In January 2012 the San Onofre nuclear power plant, which provided power to 1.4 million homes in Southern California, was closed for repairs after engineers found hundreds of defective cooling tubes. On June 7, Southern California Edison (SCE) voted to permanently close the plant, leaving California residents concerned over potential blackouts during hot summer months.

Hearings will be held on San Onofre’s shutdown, but SCE stated that since the plant was out of operation, overall carbon emissions have increased. SCE went from having 50 percent of its energy production carbon-free in 2011 to 30 percent in 2012, the year of the initial shutdown. The company had to turn to natural gas to make up for the loss in nuclear energy.

The permanent closure of San Onofre also marked the 2,000-megawatt milestone for utility-scale solar power in California, doubled from 1,000-megawatts last September. Solar power has expanded rapidly in California as a result of high insolation and community support.

As a result of programs such as Governor Schwarzenegger’s Million Solar Roofs initiative and the California Public Utilities Commission’s California Solar Initiative, the state now leads the nation in the total number of homes which have solar panels installed.

While the burning of fossil fuels produces roughly 21.3 billion metric tons of carbon dioxide annually, solar power is emissions-free. Advantages of solar energy include its renewability as a resource, its long-term economic benefits, and its potential to create jobs.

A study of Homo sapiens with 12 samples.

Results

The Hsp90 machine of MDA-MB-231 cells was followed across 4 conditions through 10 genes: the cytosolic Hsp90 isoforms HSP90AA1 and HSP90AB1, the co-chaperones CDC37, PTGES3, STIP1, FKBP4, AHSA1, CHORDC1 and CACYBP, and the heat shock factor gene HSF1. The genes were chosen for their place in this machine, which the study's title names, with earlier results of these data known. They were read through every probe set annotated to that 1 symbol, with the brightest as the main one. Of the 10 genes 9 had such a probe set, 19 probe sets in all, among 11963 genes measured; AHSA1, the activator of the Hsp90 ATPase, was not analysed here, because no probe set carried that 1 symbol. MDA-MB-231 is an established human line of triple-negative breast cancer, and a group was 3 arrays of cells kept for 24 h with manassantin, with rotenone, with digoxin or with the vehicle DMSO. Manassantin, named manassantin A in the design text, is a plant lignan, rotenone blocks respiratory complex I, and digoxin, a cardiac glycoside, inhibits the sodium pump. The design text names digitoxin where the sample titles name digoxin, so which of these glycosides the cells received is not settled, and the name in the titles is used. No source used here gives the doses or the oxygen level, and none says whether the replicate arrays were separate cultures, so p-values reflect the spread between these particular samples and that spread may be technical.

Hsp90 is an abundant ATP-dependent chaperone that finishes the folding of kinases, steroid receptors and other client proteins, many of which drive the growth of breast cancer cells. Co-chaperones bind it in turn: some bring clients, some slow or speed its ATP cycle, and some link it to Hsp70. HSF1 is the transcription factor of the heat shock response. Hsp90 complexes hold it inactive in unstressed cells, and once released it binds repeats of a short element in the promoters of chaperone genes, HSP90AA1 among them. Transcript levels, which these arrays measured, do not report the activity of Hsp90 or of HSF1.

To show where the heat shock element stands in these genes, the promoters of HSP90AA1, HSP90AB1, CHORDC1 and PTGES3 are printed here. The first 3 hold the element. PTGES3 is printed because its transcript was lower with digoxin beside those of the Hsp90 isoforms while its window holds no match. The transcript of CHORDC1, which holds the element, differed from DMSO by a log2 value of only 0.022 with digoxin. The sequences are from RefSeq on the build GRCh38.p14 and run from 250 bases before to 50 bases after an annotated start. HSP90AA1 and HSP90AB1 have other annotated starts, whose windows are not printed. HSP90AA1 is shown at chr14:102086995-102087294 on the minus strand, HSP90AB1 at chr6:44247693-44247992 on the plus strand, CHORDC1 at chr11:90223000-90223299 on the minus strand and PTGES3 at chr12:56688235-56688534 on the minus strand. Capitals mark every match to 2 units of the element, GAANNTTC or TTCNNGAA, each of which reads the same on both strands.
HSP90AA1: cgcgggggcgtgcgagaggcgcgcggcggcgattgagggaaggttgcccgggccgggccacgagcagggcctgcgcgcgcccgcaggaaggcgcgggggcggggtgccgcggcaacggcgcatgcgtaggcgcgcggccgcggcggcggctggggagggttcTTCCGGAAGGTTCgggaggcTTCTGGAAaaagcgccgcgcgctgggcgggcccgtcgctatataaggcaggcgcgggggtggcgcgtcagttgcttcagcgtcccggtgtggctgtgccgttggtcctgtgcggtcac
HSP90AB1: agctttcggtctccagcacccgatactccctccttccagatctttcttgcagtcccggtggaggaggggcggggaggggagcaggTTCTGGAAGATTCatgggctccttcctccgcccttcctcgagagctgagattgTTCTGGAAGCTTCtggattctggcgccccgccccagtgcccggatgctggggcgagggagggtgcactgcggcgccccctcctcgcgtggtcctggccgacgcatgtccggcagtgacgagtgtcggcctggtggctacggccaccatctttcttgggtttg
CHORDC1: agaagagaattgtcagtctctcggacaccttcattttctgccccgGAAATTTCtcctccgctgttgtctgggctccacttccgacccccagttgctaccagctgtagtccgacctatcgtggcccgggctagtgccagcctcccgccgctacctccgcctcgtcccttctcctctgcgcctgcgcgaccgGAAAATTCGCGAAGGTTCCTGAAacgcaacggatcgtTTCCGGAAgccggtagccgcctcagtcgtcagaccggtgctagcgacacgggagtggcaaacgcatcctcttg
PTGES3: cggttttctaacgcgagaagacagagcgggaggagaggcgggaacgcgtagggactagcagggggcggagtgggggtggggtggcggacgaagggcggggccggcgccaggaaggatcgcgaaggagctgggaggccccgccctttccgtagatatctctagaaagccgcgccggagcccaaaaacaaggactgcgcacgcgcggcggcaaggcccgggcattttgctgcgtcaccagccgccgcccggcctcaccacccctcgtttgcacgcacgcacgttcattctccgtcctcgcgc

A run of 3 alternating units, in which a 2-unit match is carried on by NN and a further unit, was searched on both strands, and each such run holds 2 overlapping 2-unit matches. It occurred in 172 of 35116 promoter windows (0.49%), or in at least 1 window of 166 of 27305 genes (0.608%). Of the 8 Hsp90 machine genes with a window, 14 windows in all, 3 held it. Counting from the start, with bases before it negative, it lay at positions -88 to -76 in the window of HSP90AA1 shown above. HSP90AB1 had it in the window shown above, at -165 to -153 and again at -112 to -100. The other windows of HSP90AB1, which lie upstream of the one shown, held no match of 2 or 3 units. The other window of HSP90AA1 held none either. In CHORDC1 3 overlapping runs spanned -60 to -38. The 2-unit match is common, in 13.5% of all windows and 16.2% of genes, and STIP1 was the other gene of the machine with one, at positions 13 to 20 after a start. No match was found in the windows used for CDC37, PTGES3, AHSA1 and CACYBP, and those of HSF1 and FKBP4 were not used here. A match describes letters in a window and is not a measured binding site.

Some, however, say that the disadvantages associated with solar energy are enough to discredit it. These disadvantages include high initial installation costs, relative inefficiency, and–according to Discovery News–the threat it poses to entire ecosystems, as they kill insects that other species rely upon.

Wind energy also seems a strong contender in the race for renewable energy. In 2004, wind energy in California produced 4,258 million kilowatt-hours of electricity, about 1.5 percent of the state’s total electricity — or, according to the California Energy Commision, “more than enough to light a city the size of San Francisco.” Theoretically, there is enough potential wind energy in the U.S. to power the entire country.

Wind energy is also emissions-free, it is non-depletable, and, due to its modular nature, capacity can easily be added as necessary. While the power is currently more expensive than that produced by natural gas-fired plants, the price of wind power is not affected by fuel price increases or supply disruptions.

Additionally, there is currently a federal tax credit for wind generation. However, there are several disadvantages as well, including erosion in desert areas, usage of large tracts of land, disturbance of wildlife habitats, and more than 573,000 avian deaths each year.

Both wind and solar power have considerable advantages, widespread support and great potential to become major sources of power for both the state and the nation. According to a 2010 report, cost-minimized combinations of wind power, solar power and electrochemical storage could power the full electric grid up to 99.9% of the time by the year 2030.

This article was originally published by IVN a non-profit news platform for independent journalists.